I recently received an e-mail from a reader who wanted to
know how to block a specific Web site using the Cisco IOS. TechRepublic member Francis M. wrote, “I have a Cisco
2600, [and] we use it as [an] Internet server. I want to block some restricted Web
sites. How [do] I do that?”

This isn’t a difficult task—as long as you understand how
the Cisco IOS works. This week, I’ll walk you through the process and point out
what to watch out for along the way.

Step 1: Configure a DNS server

Let’s say we want to block access to the creatively named www.badsite.com.
We don’t know the IP address, and we don’t want to know it. That’s fine—the
Cisco IOS can look it up for us and fill it in.

To do this, we need at least one DNS server configured on
the router. To configure a DNS server, use the ip name-server command. Here’s an example:

Router(config)# ip name-server 1.1.1.1 2.2.2.2

In this case, we configured a primary and a backup DNS
server for the router to use to resolve DNS names. This doesn’t affect any
traffic flowing through the router; the router will use these DNS servers when we
ping a Web server by name. Here’s an example:

Router# ping www.techrepublic.com
Translating "www.techrepublic.com"...domain server (1.1.1.1) [OK]

Type escape sequence to abort.
Sending 5, 100-byte ICMP Echos to 216.239.113.101, timeout is 2 seconds:
!!!!!
Success rate is 100 percent (5/5), round-trip min/avg/max = 1/1/4 ms
Router#

In this example, the router used the domain name server we
specified (i.e., 1.1.1.1) to resolve the DNS name. It successfully translated
the DNS name to 216.239.113.101.

If we hadn’t already specified a DNS server, then the router
would have returned something like the following:

Translating "www.techrepublic.com"...domain server (255.255.255.255)
% Unrecognized host or address, or protocol not running.

Step 2: Create the ACL

To actually block the undesirable Web site, we need to
create an access control list (ACL) to define exactly what we want to block.
Here’s an example:

Router(config)# access-list 101 deny tcp any host www.badsite.com eq www
Translating "www.badsite.com"...domain server (1.1.1.1) [OK]
Router(config)# access-list 101 permit tcp any any eq www
! to allow all other web traffic

This ACL denies all Web traffic from any source going to the
specified Web site. After blocking that traffic, it will also allow all other Web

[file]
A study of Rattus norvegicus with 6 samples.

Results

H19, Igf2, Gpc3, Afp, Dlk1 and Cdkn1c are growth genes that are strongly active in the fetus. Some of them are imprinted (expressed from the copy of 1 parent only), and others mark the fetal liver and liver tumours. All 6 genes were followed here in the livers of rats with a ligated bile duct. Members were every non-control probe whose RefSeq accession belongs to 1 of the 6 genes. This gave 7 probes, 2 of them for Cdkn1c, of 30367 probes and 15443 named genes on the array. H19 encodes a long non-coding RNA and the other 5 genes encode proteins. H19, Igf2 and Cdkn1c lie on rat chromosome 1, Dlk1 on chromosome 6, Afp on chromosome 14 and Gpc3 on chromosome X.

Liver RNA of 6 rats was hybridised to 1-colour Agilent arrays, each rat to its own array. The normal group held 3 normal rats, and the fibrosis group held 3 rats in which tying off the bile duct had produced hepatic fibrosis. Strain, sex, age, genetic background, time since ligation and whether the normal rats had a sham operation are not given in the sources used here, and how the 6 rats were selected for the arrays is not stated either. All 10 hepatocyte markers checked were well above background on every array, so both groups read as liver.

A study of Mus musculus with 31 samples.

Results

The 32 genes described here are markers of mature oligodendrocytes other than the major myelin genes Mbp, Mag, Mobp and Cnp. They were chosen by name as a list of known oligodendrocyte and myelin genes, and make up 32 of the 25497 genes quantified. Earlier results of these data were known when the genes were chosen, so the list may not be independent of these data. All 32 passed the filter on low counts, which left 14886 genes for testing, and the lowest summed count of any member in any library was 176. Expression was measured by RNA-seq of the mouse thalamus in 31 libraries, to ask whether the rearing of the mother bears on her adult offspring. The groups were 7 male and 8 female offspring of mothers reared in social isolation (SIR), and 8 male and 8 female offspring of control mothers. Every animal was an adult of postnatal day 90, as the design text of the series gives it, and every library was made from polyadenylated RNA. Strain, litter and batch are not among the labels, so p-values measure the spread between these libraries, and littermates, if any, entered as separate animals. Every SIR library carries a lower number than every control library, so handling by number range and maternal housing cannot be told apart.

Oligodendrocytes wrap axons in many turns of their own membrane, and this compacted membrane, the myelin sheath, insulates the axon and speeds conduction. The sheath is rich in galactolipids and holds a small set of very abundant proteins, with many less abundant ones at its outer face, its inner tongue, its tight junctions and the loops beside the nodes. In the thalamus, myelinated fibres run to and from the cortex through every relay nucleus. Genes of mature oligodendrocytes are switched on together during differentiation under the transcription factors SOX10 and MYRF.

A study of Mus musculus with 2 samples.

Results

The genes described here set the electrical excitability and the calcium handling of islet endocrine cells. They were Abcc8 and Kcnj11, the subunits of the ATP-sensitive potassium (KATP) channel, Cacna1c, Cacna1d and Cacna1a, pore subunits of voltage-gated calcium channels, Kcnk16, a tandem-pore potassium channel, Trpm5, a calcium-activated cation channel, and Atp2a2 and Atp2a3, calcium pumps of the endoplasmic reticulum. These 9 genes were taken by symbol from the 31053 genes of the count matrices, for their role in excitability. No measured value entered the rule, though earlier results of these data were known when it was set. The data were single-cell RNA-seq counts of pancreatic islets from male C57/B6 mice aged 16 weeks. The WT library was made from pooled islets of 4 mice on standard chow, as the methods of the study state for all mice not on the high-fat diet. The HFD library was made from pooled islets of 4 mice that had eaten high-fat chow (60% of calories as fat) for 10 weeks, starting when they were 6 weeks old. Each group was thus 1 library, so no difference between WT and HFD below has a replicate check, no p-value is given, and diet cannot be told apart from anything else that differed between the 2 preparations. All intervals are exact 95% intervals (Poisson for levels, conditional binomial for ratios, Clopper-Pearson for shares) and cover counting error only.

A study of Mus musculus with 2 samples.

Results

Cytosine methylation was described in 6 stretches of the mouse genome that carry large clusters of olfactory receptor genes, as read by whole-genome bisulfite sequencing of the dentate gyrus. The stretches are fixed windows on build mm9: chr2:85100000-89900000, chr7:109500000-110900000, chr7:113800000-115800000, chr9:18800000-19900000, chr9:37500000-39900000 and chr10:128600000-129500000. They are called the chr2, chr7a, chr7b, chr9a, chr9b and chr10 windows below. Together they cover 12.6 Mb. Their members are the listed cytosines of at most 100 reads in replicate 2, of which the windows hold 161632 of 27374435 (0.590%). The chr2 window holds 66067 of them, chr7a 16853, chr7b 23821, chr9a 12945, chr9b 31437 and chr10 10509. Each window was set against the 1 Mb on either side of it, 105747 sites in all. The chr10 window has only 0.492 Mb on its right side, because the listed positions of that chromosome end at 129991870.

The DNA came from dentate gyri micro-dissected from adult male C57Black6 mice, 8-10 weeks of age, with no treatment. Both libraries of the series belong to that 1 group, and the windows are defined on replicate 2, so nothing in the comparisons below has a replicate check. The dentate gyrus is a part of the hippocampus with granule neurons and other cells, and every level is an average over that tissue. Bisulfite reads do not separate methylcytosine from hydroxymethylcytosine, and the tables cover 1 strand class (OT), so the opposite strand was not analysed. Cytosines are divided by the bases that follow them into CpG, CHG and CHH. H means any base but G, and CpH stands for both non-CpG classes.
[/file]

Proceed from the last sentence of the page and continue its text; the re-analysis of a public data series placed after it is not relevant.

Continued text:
traffic from any source to any destination. Finally, because of the implied
deny, it will deny all other traffic.

What if you want to determine which IP addresses are trying
to go to the blocked Web site? You can log this information using the log keyword. Here’s an example:

Router(config)# access-list 101 deny tcp any host www.badsite.com eq www log

Step 3: Avoid this “gotcha”

Here’s one issue to keep in mind. After we entered the first
line of the ACL above, notice how the router used the DNS server to resolve the
DNS name. It then replaced the IP address that the hostname resolved to in the
ACL. Here’s a closer look at the configuration:

Router# sh run | inc access-list 101
access-list 101 deny tcp any host 66.116.109.62 eq www

This is a nice feature, but it can be problematic for a
couple of reasons. First, the IP address entered is only the first IP address
that the DNS server responded to. If this is a large Web site that has multiple
servers (such as a search engine), the ACL only contains the first IP address
that the DNS server responded with—you’ll need to manually block the other IP
addresses. Here’s an example:

C:\> nslookup www.google.com
Server:  DNSSERVER
Address:  1.1.1.1

Non-authoritative answer:
Name:    www.l.google.com
Addresses:  64.233.167.104, 64.233.167.147, 64.233.167.99
Aliases:  www.google.com

In addition, if the IP address of the blocked Web server changes,
your ACL will remain the same. You would need to manually update the ACL.

Step 4: Apply the ACL

Just because we’ve created the ACL doesn’t mean the router
is actually using it—we still have to apply the ACL. We created this ACL with
the assumption that it’s blocking traffic from our local LAN that’s going out
to the WAN (i.e., the Internet). That’s because we formatted the ACL with
source then destination.

Because of this design, we need to apply the ACL in the
OUTBOUND direction on the router. Here’s an example:

Router(config)# int serial 0/0
Router(config-if)# ip access-group 101 out

Have you used the Cisco IOS to block a Web site before? What
did your ACL look like? Do you have a good ACL to share? Post your comments in
this article’s discussion.

in the IT industry for 12 years and holds several certifications, including
CCIE, MCSE+I, CISSP, CCNA, CCDA, and CCNP. He currently manages a group of
systems/network administrators for a privately owned retail company and
performs networking/systems consulting on a part-time basis.